Learning How to Be Good

Recently I listened to an interview on NPR with country music superstar, Tim McGraw. As another new album comes out, the interviewer prodded McGraw to reflect on his career. When asked what it was like to be at the top of his game, McGraw reflected, “I feel like I’m just learning how to be good.”

His response had the ring of authenticity in my ears. There was an honest recognition of his talent and success, and the truth that he’s looking into an unknown future and still trying to figure it out.

In the past couple of months, I’ve had occasion to step back and reflect on where I am in my own vocation as pastor. Part of it was preparing for the sabbatical that I just began. Where I am? What do I need right now? If I’m going to continue doing this until I retire, what will give me energy and motivation and that fire in my belly to keep going for another 15 or so years?

On the one hand, I have some sense that this vocation has been a good use of my gifts. In general, I think I do this work pretty well. I think I started out with some natural ability. But as in most vocations, natural ability can only get you so far. My natural curiosity and love of learning has helped me get better; I’ve learned both from experience and from books, workshops, seminars, and the like. Some things I do very well; some things I’m just not that good at. Part of my effectiveness, I think, has been to acknowledge that, find ways to do more of the things I’m good at, and find others who are good at the things I’m not.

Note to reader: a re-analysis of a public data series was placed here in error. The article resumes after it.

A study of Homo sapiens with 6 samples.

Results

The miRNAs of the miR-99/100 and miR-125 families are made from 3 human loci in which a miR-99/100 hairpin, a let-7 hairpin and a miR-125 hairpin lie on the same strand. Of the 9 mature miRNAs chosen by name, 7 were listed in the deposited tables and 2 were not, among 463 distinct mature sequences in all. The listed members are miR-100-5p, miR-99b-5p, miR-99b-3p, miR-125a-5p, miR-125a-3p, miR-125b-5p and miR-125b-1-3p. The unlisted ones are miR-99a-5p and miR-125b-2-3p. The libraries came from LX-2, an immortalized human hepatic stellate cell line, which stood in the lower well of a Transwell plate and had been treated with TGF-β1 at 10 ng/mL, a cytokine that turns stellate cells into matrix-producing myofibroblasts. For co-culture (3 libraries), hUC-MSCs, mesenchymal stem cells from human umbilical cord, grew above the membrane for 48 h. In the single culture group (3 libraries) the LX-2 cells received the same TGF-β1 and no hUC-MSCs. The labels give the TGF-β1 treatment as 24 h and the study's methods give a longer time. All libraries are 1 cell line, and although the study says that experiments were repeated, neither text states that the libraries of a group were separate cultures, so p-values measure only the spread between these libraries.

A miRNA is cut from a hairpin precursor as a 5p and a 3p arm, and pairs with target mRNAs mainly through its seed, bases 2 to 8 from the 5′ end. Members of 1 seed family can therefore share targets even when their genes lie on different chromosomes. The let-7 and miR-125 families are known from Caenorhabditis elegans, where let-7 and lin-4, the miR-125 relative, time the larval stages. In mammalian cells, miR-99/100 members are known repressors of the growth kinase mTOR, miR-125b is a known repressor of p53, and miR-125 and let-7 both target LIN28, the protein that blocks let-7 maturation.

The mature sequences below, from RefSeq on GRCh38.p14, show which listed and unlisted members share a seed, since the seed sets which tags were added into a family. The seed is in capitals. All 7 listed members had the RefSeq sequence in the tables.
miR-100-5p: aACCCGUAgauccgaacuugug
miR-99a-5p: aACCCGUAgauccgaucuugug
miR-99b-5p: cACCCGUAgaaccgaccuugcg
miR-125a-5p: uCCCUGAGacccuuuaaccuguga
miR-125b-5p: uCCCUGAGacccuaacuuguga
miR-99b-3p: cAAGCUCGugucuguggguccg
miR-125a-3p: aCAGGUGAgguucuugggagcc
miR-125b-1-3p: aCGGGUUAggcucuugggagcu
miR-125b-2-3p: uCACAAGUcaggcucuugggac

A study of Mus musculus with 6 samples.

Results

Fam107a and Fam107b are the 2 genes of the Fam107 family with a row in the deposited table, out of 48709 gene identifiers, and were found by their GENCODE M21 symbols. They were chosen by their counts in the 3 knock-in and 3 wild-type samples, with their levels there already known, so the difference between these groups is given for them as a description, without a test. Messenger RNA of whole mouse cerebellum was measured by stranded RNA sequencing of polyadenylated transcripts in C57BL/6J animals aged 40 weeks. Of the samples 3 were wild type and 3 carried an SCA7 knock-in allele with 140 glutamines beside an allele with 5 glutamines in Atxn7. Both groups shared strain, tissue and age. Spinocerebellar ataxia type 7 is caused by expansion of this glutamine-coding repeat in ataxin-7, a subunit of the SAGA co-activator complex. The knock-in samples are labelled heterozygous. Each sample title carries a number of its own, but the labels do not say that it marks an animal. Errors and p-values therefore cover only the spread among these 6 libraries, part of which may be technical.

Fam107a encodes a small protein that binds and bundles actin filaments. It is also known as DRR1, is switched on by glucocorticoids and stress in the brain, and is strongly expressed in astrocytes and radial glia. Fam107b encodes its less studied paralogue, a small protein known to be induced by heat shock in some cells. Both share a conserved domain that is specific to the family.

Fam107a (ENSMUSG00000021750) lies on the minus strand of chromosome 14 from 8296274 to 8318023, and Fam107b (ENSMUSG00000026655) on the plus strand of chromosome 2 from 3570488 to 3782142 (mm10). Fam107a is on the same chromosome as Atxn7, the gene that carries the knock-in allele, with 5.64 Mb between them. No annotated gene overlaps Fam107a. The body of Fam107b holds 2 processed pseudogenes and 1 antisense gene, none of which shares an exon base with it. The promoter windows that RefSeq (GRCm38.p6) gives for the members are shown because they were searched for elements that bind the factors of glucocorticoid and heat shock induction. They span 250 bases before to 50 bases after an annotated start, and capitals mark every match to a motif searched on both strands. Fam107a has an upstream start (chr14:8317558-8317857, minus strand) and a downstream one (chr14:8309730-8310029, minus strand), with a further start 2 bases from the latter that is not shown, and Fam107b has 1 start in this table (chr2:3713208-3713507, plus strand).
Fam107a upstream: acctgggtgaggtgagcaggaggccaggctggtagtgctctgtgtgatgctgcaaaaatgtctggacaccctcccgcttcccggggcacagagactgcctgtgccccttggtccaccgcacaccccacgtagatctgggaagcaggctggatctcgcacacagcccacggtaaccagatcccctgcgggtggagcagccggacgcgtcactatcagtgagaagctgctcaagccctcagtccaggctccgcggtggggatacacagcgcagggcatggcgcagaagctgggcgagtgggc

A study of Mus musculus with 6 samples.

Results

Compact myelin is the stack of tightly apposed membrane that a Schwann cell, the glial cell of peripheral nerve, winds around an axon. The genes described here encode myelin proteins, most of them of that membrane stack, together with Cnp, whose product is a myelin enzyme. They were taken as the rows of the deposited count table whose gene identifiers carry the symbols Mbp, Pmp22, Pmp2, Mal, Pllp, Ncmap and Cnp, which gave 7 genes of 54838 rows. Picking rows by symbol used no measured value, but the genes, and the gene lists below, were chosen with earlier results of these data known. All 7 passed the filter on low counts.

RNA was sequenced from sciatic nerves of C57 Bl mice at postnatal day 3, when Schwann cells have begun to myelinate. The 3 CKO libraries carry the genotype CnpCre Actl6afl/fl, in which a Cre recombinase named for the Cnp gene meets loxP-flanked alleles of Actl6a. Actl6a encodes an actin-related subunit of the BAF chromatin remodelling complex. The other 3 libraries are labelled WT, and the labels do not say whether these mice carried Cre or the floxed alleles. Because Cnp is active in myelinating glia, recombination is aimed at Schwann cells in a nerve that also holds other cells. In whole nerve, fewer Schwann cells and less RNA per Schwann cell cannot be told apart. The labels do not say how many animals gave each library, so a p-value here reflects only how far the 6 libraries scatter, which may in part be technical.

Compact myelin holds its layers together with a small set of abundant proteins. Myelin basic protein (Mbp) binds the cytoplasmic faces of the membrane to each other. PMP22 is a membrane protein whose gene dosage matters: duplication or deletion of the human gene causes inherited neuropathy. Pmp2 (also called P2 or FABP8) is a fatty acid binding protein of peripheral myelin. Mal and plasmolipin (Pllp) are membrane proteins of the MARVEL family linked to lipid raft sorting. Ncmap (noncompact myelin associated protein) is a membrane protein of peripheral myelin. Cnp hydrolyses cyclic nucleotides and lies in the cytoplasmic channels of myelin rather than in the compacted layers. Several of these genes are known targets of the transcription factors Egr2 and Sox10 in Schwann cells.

It also has to do with watching my son, Chris, at the very beginning of his pastoral vocation. He just graduated from the seminary and is awaiting his first call. We’ve had many conversations about his own preparation and how it was different from mine, and about his own sense of call and the kind of work he feels called to do and the things he thinks he’s good at. I don’t know how objective I am, but I think his training was much more sharply focused on the blend of callings in the pastoral ministry:  local theologian, equipper for mission, and seelsorger (one who cares for souls). I think his training was much more realistic about the church that he will be serving and its place in the world.

I’ve often quipped with Chris that I wish I knew when I was starting out what I know now. I would have been pretty good.  But that’s the way it is. You don’t start out knowing everything. You learn as you go. What you’re good at, what you’re not. It was even a pretty significant learning for me to be able to admit publicly that there were some things I’m not very good at. You learn as you go how to integrate the learning from books and conversation and observation and messing up and continuing education into the actual practice of pastoral ministry with the people in the place you are called to serve.

If I can echo the words of Tim McGraw and say that I’m good at this work, I feel that,  like him, I’m only beginning to learn how to be good at it. And I’m afraid that moment when I feel like I’m the best that I could be it will be the time to call it quits and walk away.

But I’m not there yet. I’ve got too much yet to learn.